During the drafting of the GDPR, the european legislator has clearly outlined data controller’s and data processor’s characteristics tailoring them on the classic centralized data management systems. For this reason it becomes so difficult (but still necessary) to understand to which category belongs every subject operating, with different roles, on a public blockchain. We will try to clarify some points about it, always keeping in mind that, for now, experiences are limited and that what described, even if can be considered generally valid, could change depending on the peculiar structure of every public blockchain.

The data controller determines the purposes for which and the means by which personal data is processed.

The data processor  processes personal data only on behalf of the controller.

Let’s take a look to the various stakeholders operating in a public blockchain to determine whether ( and under which circumstances) they could be included into one of the two above-mentioned categories.

Software developer: The software developer only provides a data management tool and does not determine the purposes and means of processing data. As a consequence, can’t be considered a data controller. However, some responsibilities regarding the processing of personal data on behalf of the data controller can’t be excluded when the developer permanently plays a crucial role with a direct, autonomous and decisive impact on the processing of specific information. This could be the case, for example, of smart contracts developers.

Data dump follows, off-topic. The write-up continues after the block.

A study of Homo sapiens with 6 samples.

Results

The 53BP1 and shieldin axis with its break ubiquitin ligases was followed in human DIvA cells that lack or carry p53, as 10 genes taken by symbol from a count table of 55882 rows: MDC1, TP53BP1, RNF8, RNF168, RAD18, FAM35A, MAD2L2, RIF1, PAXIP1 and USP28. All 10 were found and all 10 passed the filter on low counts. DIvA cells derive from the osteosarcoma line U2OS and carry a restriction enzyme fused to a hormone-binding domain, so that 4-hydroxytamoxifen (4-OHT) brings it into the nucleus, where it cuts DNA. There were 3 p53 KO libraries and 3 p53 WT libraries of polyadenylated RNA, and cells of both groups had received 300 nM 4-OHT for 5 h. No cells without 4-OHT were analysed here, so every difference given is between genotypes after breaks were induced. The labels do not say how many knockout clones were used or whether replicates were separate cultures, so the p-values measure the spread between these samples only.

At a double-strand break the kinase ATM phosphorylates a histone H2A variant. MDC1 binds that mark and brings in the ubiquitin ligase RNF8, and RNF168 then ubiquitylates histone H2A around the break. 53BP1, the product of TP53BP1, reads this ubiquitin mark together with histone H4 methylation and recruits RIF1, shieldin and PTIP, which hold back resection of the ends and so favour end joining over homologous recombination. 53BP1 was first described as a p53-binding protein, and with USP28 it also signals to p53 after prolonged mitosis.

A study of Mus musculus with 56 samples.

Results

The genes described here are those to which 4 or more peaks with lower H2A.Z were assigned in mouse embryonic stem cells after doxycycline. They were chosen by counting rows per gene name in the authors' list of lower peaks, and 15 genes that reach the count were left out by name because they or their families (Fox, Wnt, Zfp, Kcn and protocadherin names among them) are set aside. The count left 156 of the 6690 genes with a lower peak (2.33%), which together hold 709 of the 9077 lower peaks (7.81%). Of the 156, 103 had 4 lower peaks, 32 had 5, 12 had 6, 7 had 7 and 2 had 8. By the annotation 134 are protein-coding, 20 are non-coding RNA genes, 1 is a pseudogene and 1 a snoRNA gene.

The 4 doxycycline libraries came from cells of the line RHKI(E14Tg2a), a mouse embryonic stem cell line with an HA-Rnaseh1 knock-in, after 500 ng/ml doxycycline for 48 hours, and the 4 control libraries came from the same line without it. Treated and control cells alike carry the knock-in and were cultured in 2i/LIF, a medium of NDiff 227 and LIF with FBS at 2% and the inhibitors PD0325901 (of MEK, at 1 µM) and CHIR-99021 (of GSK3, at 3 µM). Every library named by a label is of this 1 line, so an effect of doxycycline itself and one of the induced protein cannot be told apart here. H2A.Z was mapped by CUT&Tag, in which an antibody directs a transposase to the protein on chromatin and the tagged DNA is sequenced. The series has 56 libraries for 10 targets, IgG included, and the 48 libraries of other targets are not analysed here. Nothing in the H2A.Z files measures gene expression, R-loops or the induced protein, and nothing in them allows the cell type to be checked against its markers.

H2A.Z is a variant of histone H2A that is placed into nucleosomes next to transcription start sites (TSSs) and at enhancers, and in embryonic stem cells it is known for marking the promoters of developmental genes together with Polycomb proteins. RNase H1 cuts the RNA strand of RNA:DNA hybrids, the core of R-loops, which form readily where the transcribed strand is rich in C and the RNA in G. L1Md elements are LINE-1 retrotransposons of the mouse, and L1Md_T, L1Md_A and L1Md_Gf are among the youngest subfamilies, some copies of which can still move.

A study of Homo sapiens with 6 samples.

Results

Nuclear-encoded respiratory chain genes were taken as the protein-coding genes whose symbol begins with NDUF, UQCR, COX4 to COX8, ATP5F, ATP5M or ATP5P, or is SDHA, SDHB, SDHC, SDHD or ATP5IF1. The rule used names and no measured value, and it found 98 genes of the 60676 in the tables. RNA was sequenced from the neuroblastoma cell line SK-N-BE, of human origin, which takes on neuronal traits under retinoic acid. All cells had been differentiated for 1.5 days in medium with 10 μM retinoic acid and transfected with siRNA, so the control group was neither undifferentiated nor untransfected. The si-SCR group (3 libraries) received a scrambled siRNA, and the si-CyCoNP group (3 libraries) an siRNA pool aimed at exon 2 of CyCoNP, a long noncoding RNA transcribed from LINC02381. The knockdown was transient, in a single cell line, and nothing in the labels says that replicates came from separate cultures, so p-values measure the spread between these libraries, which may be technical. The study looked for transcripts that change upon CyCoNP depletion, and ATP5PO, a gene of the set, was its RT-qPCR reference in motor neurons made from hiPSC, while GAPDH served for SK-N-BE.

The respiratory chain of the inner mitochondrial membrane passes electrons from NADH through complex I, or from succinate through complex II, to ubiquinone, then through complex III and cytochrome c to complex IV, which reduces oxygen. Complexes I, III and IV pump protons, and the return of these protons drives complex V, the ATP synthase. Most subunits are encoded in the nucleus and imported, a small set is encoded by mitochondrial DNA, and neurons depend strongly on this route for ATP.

Participants: According to the CNIL ( La Commission nationale de l’informatique et des libertĂ©s), participants who input data requesting validation from miners define, in some way, the purpose of the processing (for example a transaction) and the tools used (for example the blockchain technology), perfectly fitting into the definition of data controllers. However, the natural person who “writes” on blockchain in order to carry out only personal or domestic activities, as established by article 2 of the GDPR, is not considered a data controller. A participant would therefore qualify as data controller when his/her activity on blockchain is aimed at performing a commercial or professional activity.

If several participants decide to jointly process data on blockchain without joining in the form of an association or economic group of interest, they will be considered “joint controllers”, as required by article 26 of the GDPR, with the obligation to transparently define responsibilities for each involved person.

Miners: They could be considered data processors, since they follow indications from data controllers in the context of the transactions’ validation process. This dynamic raises some problems: According to what established by article 28 of the GDPR, infact, data processors should stipulate an agreement with the participants (which, as we have seen before, in some cases have to be considered data controllers), in order to define the respective obligations and responsibilities. This kind of fulfillment appears today difficult to be achieved.

It is therefore probable that, in the next years, we will need important implementations for an easy and effective fulfillment of the above-mentioned obligations.